McKesson paid $18 million to settle whistleblower claims

By Harold M. Bishop, JD

Pharmaceutical distributor McKesson Corporation agreed to pay $18 million to settle allegations that it knowingly submitted false claims to the Centers for Disease Control and Prevention (CDC) under its vaccine distribution contract by improperly setting temperature monitors used in shipping the vaccines. The claims settled by the agreement are allegations only, and there has been no determination of liability against McKesson.

Under the contract with the CDC, McKesson received vaccines purchased by the government from manufacturers and then distributed the vaccines to health care providers. The lawsuit, captioned United States ex rel. Fox v McKesson Corp., No. 3:12-cv-00766 (M.D. Tenn.), alleged McKesson was required to ensure that the vaccines were maintained at proper temperatures—more than two degrees Celsius but less than eight degrees Celsius—by using electronic temperature monitors set to detect when the air temperature in the shipping carton went above or below the proper temperature.The government alleged that, from approximately April 2007 to November 2007, McKesson failed to set the monitors to the appropriate range, and as a result, knowingly submitted false claims to the CDC for shipping and handling services that did not satisfy its contractual obligations.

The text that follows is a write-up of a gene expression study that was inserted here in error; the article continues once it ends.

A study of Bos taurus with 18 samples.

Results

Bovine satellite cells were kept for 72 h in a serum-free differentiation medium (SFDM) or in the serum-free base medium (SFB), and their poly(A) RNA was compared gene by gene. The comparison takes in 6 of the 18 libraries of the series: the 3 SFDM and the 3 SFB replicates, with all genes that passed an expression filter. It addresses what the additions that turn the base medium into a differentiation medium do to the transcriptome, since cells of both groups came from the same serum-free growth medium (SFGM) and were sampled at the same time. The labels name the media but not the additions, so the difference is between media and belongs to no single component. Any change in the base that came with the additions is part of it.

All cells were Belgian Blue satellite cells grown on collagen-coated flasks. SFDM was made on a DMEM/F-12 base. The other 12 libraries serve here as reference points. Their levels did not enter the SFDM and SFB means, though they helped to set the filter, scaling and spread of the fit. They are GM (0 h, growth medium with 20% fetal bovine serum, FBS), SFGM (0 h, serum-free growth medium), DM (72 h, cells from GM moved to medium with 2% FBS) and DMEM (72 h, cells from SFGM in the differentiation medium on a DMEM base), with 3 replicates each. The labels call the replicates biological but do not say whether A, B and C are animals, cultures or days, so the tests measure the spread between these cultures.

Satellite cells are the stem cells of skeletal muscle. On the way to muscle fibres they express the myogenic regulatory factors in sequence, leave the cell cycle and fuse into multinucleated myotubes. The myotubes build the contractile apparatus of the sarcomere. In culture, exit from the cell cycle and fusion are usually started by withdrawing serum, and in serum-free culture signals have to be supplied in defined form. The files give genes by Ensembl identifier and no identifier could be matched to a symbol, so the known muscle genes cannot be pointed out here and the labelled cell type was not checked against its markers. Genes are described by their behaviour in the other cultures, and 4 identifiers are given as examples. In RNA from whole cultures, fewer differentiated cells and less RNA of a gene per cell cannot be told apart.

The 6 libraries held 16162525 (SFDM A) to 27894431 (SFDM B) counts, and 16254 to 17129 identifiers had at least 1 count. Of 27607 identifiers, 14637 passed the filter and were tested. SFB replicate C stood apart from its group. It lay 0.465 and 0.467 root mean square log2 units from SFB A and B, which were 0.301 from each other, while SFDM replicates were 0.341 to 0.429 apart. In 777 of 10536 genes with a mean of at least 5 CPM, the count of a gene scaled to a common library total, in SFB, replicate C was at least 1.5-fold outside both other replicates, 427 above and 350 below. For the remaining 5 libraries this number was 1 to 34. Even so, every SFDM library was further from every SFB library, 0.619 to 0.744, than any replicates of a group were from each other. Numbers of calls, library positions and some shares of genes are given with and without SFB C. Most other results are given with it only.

According to the CDC, the most important measure used to keep vaccines the proper temperature is validated packing procedures. The temperature monitors provide a secondary safeguard.

According to McKesson, as reported by the Wall Street Journal, it complied with the contract requirements, but “given the inherent uncertainty of litigation and in the interest of maintaining our strong, ongoing relationship with the CDC, we determined that a settlement was in the best interest of our customers, suppliers, employees and shareholders.” McKesson further stated “The government did not allege that vaccine potency was ever compromised or that anyone vaccinated was not immunized. At all times, McKesson shipped vaccines for the VFC [Vaccines for Children] program using specialized, insulated containers and packing materials that were validated to maintain appropriate air temperatures during shipment.”

The settlement resolves a qui tam lawsuit originally filed in July 2012 by Terrell Fox, a former finance director at McKesson Specialty Distribution LLC, and later joined by the federal government. Fox’s share of the settlement has not been determined, but qui tam relators generally receive between 15 and 25 percent in settle cases in which the government intervenes, plus attorney’s fees.